Capable but complex infotainment systems built into modern car dashboards are dangerously distracting, a driver safety study has concluded, while voice controlled systems like Apple’s Siri have been equally criticized. Hands-free tech intended to maintain a driver’s grip on the wheel can, ironically, cause greater cognitive distraction than actually picking up a phone, a study by the AAA and the University of Utah revealed, testing a number of basic tasks like making calls or changing radio station across cars from Toyota, Mercedes, and other marques.
A five point scale for driver distraction was established, with 1 being a baseline of no distractions, and 5 representing the sort of extreme distraction of trying to perform complicated math and memorization tests while simultaneously driving. Earlier testing in 2013 by the same university found that even when drivers were watching the road, they could still be sufficiently distracted by hands-free systems to miss a pedestrian walking out in front of their vehicle.
In this latest study, 162 students and volunteers at the university were fitted with brain activity headsets, heart-rate monitors, and other testing equipment, and used a variety of test rigs ranging from driving simulators through to real cars on the streets of Salt Lake City.
Of the preinstalled car systems, Toyota’s Entune was the most successful, rated 1.7 for distraction. Hyundai’s Blue Link came in at 2.2, while Chrysler’s UConnect scored 2.7. Ford SYNC with MyFord Touch scored 3.0, and Mercedes-Benz’s COMAND came in at 3.1.
Worst of the five tested was Chevrolet’s MyLink, rated 3.7 for driver distraction.
Meanwhile, another study examined how different tasks compared for the distraction they involved when using voice commands. Simplest were issuing basic instructions for tuning the radio or adjusting the climate control, though such tasks still ranked 1.88 on the distraction scale.
Natural voice systems were found to be less distracting than more generic, computerized voices.
Not all navigation systems are created equal, too, and the difference in distraction between a good interface and a buggy one can be considerable. In an “error-free” navigation system, setting a destination by voice alone rated 2.83, the University of Utah found, but that increased to 3.67 when using “an error-prone” version.
As for Apple’s Siri, that ranked as the most distracting of all eight of the tasks tested, scoring 4.14 when drivers were asked to use navigation features, send or receive text messages, post to social networks, and use the calendar. However, it’s worth noting that the researchers did not use Siri Eyes-Free – the version specifically designed by Apple to keep the display inactive – but instead had drivers wear lapel microphones while people in the back seat actually pressed any on-screen dialogs required.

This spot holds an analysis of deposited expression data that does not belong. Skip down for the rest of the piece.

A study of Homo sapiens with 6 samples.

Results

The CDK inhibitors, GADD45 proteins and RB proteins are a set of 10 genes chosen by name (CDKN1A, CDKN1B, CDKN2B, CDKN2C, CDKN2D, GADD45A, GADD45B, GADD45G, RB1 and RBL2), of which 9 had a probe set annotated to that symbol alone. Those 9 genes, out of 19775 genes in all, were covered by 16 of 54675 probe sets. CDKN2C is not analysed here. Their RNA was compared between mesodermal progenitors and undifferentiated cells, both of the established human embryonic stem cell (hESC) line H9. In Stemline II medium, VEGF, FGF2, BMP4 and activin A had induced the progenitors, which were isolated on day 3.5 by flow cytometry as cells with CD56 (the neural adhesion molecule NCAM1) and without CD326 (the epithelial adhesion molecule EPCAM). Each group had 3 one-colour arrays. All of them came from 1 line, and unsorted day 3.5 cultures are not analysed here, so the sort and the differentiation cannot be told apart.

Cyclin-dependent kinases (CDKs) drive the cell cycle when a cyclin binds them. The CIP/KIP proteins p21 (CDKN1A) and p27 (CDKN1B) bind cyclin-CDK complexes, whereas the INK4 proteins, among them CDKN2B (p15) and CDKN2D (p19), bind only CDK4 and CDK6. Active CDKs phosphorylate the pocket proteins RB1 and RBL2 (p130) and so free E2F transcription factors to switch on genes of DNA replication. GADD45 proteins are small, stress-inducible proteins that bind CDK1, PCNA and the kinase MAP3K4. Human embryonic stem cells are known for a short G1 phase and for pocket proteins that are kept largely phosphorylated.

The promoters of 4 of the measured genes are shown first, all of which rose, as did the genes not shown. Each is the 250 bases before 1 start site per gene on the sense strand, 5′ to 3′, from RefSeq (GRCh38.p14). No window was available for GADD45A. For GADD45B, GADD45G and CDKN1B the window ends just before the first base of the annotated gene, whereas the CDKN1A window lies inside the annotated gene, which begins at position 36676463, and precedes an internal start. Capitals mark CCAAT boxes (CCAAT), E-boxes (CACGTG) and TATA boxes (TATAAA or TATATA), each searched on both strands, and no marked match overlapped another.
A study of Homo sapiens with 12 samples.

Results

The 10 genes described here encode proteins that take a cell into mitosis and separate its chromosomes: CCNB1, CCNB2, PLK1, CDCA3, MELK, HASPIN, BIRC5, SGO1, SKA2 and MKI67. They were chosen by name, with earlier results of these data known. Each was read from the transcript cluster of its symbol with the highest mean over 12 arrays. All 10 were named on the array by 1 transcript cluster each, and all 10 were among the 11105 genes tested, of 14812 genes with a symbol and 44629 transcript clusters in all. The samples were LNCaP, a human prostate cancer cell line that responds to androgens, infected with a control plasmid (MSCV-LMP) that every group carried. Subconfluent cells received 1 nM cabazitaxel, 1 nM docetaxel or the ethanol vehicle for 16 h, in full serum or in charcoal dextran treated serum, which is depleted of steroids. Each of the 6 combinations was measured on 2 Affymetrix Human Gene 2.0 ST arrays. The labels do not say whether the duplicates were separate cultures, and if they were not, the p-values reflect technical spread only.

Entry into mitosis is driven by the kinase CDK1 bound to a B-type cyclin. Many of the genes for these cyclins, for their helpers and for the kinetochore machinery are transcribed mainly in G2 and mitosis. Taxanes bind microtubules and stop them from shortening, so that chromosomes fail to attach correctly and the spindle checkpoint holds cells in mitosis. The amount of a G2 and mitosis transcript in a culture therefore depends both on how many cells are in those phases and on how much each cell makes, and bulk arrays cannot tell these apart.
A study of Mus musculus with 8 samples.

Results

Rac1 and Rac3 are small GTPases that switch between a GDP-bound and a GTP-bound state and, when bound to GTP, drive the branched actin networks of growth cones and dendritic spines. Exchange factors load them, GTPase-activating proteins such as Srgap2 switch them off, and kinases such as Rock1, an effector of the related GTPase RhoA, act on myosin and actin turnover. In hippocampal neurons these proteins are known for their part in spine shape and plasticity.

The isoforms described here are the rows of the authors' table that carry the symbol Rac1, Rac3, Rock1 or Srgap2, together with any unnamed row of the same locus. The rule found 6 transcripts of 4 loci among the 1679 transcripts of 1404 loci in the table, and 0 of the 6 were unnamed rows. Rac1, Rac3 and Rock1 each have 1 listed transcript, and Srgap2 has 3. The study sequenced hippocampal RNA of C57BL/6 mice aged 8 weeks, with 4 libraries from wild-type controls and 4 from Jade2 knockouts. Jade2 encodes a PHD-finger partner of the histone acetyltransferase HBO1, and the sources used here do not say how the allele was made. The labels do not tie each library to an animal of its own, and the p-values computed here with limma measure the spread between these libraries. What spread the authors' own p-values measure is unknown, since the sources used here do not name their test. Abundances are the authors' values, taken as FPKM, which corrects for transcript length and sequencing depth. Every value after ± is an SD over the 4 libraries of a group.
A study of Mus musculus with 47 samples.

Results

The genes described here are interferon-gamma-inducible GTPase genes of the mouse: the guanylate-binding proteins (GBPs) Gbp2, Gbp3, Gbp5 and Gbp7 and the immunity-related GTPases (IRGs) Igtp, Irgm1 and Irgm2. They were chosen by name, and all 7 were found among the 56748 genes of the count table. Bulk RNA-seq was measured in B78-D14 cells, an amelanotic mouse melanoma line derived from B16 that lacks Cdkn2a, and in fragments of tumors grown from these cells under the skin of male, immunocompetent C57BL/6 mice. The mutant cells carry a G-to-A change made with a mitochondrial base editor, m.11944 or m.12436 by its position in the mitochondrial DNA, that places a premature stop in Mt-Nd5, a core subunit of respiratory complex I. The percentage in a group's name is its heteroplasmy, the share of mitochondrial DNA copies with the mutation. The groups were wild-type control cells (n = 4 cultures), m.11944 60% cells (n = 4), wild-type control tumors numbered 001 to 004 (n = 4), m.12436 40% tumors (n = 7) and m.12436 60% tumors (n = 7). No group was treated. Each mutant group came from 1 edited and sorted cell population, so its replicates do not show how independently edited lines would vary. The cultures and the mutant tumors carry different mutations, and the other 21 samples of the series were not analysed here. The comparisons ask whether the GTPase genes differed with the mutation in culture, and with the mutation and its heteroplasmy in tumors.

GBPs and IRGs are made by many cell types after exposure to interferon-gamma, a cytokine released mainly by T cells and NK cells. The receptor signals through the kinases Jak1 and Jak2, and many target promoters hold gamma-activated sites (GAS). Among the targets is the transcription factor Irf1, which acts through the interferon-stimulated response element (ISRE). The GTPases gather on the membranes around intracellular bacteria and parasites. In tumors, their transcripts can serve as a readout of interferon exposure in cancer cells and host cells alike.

Similarly absent is any testing of CarPlay, Apple’s more integrated system which can take over a dashboard display or touchscreen and offer pared-down access to key apps and functionality.
Apple CarPlay hands-on:
The basic implementation of Siri was criticized by some test subjects for its habit of resulting in “different responses to seemingly identical commands,” the researchers wrote, while the virtual assistant’s sassy responses also failed to go down well with every user. “Some participants also reported frustration with Siri’s sarcasm and wit,” the study noted.
Automakers themselves aren’t entirely convinced by the research, however. “The results actually tell us very little about the relative benefits of in-vehicle versus hand-held systems,” Toyota spokesperson Mike Michels told the LA Times, “or about the relationship between cognitive load and crash risks.”
The National Highway Traffic Safety Administration (NHTSA) is already considering weighing in on increasingly complicated dashboard tech, threatening touch-centric interfaces such as Tesla’s huge center stack display with maximum-tap limits. Nonetheless, other research has suggested that drivers simply “zoning out” could be a bigger risk than having them pick up their cellphone while on the road.
While not gaging safety implications, recent satisfaction ratings similarly criticized the majority of hands-free systems. According to J.D. Power, the majority of drivers were more concerned about the basic features in their cars not working as they expected than they were in seeing more technology added.
“If you want to buy one of these cars, make sure you can actually use the voice-based technology before you leave the lot,” University of Utah psychology professor and study lead David Strayer surmises. “Some of these systems are very difficult to use.”